Water/sewer rates may rise
Published 4:49 pm Friday, October 22, 2021
JACKSON – Northampton County’s Interim Public Works Director presented the initial proposal for a water and wastewater rate increase to the Board of Commissioners at their regular meeting here on Oct. 18.
“The county has not had a rate increase in several years,” explained Becky Turner, adding that the rates need to go up in order for the county to be eligible to receive funding.
Board Chair Charles Tyner, who is currently as serving as Interim County Manager, previously mentioned the need for a small rate increase at several board meetings earlier this year. He said then they would follow USDA guidance to meet required criteria for funding.
“We all know the rates have got to go up,” Tyner said at Monday’s meeting. “There’s no question about it. We don’t want to, but we don’t have a choice.”
According to information presented to the board, Northampton County currently has a little over 14,000 water connections and just over 3,300 sewer connections. Turner reported that the current low rates means that those systems are operating “in the red” and these changes would help rectify that.
But in coming up with the new rates, Turner said they tried to adjust the proposal so that people who use less water than average each month, such as elderly residents or single parents, would not see as big an increase as those using much higher amounts per month.
For example, she said, a household using up to 2,000 gallons a month pays $29.50 at the county’s current rate. That amount would increase to $33 under the proposed new rate, a difference of $3.50.
The difference between current and proposed rates, however, increases with the amount of water used. A household using up to 5,000 gallons per month pays $44.50 under the current rate. The new rate would see that bill jump $20 at $64.50.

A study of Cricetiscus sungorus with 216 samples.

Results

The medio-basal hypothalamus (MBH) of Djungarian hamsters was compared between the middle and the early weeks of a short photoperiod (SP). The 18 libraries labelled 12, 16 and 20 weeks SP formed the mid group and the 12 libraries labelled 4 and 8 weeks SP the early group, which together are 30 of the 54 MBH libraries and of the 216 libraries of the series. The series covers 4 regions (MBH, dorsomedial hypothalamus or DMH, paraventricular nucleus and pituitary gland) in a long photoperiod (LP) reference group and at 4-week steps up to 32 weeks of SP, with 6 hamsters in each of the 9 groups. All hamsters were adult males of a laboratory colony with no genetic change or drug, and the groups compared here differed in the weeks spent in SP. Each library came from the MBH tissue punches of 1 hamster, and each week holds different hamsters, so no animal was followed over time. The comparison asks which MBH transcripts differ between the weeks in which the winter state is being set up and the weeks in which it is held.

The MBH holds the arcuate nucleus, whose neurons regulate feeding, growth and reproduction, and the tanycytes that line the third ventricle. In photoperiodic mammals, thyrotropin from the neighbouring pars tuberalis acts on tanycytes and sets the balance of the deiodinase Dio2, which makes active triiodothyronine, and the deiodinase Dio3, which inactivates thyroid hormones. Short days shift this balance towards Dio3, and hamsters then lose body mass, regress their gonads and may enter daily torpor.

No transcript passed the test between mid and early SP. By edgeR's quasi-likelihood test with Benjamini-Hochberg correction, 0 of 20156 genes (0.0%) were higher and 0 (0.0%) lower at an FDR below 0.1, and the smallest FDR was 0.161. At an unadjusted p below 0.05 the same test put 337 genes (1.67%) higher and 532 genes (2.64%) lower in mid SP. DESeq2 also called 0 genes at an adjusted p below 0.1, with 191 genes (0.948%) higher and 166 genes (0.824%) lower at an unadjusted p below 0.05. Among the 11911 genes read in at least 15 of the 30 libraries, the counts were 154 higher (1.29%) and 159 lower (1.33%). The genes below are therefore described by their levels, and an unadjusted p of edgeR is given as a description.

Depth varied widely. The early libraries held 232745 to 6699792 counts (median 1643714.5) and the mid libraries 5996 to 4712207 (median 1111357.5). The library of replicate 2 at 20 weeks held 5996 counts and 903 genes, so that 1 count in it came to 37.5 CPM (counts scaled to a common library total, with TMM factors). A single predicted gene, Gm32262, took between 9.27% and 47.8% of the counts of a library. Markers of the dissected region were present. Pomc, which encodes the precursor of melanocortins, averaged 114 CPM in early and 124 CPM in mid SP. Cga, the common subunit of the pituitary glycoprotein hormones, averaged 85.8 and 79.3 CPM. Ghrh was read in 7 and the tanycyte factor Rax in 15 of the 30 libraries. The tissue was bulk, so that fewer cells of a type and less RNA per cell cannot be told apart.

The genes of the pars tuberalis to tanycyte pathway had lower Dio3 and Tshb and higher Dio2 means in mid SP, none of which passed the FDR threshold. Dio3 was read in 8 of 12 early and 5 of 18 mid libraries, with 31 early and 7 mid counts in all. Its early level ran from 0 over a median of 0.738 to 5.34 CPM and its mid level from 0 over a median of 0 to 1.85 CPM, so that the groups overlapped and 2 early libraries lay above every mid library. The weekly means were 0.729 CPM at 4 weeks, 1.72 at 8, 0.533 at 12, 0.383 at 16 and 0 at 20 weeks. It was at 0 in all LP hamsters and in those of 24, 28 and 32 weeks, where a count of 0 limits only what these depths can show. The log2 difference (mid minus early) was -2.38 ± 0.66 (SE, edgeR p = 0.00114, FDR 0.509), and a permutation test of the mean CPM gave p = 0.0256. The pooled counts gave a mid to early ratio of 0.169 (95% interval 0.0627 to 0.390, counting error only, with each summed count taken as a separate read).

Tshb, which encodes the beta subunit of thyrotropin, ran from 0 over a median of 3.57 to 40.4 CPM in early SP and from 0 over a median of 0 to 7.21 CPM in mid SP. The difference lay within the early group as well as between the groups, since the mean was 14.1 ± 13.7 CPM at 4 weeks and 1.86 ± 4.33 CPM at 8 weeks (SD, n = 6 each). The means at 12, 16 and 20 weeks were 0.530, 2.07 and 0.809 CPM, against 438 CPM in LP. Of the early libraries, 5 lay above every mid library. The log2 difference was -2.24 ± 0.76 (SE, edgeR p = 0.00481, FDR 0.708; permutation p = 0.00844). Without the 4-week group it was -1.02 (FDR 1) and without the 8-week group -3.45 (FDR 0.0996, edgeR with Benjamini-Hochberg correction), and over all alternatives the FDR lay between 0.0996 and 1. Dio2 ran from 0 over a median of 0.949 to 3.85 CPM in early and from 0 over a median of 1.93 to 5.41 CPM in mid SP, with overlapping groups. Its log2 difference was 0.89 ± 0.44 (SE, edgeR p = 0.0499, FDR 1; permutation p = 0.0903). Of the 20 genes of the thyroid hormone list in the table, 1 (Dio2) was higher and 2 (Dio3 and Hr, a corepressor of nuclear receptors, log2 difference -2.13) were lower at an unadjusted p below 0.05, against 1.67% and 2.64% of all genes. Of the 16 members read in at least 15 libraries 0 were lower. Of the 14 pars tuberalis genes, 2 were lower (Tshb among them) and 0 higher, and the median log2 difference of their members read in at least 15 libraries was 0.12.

Under the new proposal, the base rate for residential water would drop down to $16, a change from the current $19.50.
Commercial water rates are adjusted similarly in the proposal.
For wastewater rates, the residential base rate would increase an additional $5. But, like the water rate proposal, lower-use accounts would not see as big an increase in their monthly bills as high-use accounts.
A household with up to 2,000 gallons per month currently pays $26. Under the new rates, that bill would rise to $36 per month.
Turner reported that wastewater rates are higher than water rates because none of the wastewater is handled and treated within the county, causing an additional expense.
She concluded her presentation by noting that the figures in the proposal were calculated to adequately cover indebtedness, capital expenditures, and operation/maintenance costs.
Bob Murphy, who is currently working as a consultant with Northampton while the county manager position is vacant, pointed out that they still remain comparatively competitive with rates statewide, even with this increase.
Commissioner Joyce Buffaloe asked when the increase would take effect.
Turner answered that the decision rests in the hands of the commissioners, but the best time to increase rates in usually April or October. Tyner chimed in to add that they may not wait until April to implement the change.
Tyner also announced the board would hold a public hearing soon to receive input from citizens about the proposal. But he did not set a definitive date yet.
The county is currently working on their Phase 6 water expansion project which will expand water service to over 200 households in underserved areas of the county, mainly in the eastern end near Pendleton and Murfreesboro. In July, they were officially approved for a USDA Rural Development loan of $4.9 million for the project. The interest rate for the 40-year loan is 1.5 percent.
Tyner explained at a previous meeting in June that money from the county’s water/sewer enterprise fund will be used to make those loan payments.